May 30, 1939 (18th Parliament, 4th Session)


Clarence Decatur Howe (Minister of Transport)



Too much emphasis is perhaps being placed on air mail rates in the north. The air mail represents only about five per cent of the poundage that is carried by planes in the north. The difficulty there is, first, that too many companies have competed in the same territory. That is the fundamental difficulty. A second difficulty is that as mining becomes more settled the traffic tends to drop. The construction period in a mining [DOT]development is usually the busiest for air 'transport. As they get down to normal operations there is some slackening off in the .tonnage of freight moved by air.
We are endeavouring to straighten out that situation. A year ago we included in the Transport Act regulation of the assigning of routes in the north, the granting of licences for routes, and, second, the regulation of rates. Under the law the rates do not apply to air mail routes covered by the Post Office Act. But we are attempting to cut down the number of operators in the field, lessening the number operating over a particular route, and providing that no new operator will be licensed for that route or territory unless he can show need and public convenience, which will be very difficult to show for a couple of years. That is, he will have to show that the route is not adequately served by existing facilities.
In the matter of rates a study is now being made by the transport commission with the operators as to rates prepared for publication in the northern area. When these rates are published, it is the intention to enforce them and require the operator to charge the rates he publishes. This plan does not immediately eliminate competition. Under the section, if two air lines are operating over the route each is entitled to a licence, but it will at least prevent more operators from entering the field.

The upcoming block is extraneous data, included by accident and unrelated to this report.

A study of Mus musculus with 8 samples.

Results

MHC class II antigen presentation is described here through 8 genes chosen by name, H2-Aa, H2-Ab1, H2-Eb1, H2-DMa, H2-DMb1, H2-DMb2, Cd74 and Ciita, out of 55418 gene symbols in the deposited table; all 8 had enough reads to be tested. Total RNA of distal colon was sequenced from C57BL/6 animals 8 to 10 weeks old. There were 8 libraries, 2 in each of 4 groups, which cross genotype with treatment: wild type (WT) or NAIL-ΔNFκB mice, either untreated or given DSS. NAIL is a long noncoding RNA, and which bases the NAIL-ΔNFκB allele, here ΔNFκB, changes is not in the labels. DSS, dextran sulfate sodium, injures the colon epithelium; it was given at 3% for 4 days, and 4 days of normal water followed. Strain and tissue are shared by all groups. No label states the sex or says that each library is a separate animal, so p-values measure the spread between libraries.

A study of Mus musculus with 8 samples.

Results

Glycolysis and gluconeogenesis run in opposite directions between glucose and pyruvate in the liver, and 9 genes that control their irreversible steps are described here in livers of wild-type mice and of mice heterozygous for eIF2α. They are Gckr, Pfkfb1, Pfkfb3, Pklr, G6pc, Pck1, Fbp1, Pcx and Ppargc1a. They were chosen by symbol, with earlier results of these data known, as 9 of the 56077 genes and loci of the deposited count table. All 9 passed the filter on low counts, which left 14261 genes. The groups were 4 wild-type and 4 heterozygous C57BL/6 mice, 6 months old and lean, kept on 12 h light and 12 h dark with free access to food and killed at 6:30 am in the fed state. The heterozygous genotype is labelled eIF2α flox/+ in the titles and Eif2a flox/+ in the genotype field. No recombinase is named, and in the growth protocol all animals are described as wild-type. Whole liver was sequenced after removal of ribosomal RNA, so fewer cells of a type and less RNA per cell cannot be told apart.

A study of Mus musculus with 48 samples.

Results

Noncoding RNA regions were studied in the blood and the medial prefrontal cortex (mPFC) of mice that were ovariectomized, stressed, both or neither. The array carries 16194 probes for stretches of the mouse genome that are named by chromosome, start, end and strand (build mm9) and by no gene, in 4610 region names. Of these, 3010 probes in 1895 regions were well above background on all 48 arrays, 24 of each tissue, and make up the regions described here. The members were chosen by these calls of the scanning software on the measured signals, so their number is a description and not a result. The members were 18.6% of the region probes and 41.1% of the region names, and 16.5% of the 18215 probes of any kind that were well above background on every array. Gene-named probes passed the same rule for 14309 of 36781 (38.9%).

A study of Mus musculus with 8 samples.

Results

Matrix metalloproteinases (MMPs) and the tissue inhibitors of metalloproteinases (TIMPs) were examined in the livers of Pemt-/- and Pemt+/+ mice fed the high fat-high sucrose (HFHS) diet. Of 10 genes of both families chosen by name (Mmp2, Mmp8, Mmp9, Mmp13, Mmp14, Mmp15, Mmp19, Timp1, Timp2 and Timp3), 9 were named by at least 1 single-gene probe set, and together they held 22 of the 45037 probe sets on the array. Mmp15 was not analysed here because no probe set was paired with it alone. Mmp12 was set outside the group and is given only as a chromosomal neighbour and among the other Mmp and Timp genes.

So far as air mail rates are concerned, they are, of course, the rates the operator offers for the performance of the service. No doubt it seemed like a good bargain at the time; if he is a little tired of it now, it is not the fault of the Post Office Department, because that department has not forced any air mail rate on any operator. However, as the contracts fall in, the competition will not be as intense as before, because in order to compete

the operator must have a licence for the route; in other words, an operator cannot compete for an air mail route unless he holds a licence to fly that route. In one contract that fell in recently, the Post Office Department asked the advice of the transport board as to a reasonable rate for its renewal. I dare say that policy will be followed in the future if it works out to the satisfaction of the Post Office Department.
In any event more has been done in the last year to straighten out the situation of the northern flyer than has ever been undertaken before, and I think that another year of operation will improve the situation greatly. But we cannot get away from the fundamental condition that there are. too many companies operating in the north on the same routes, and that as mining becomes more settled there is apt to be a falling off of traffic.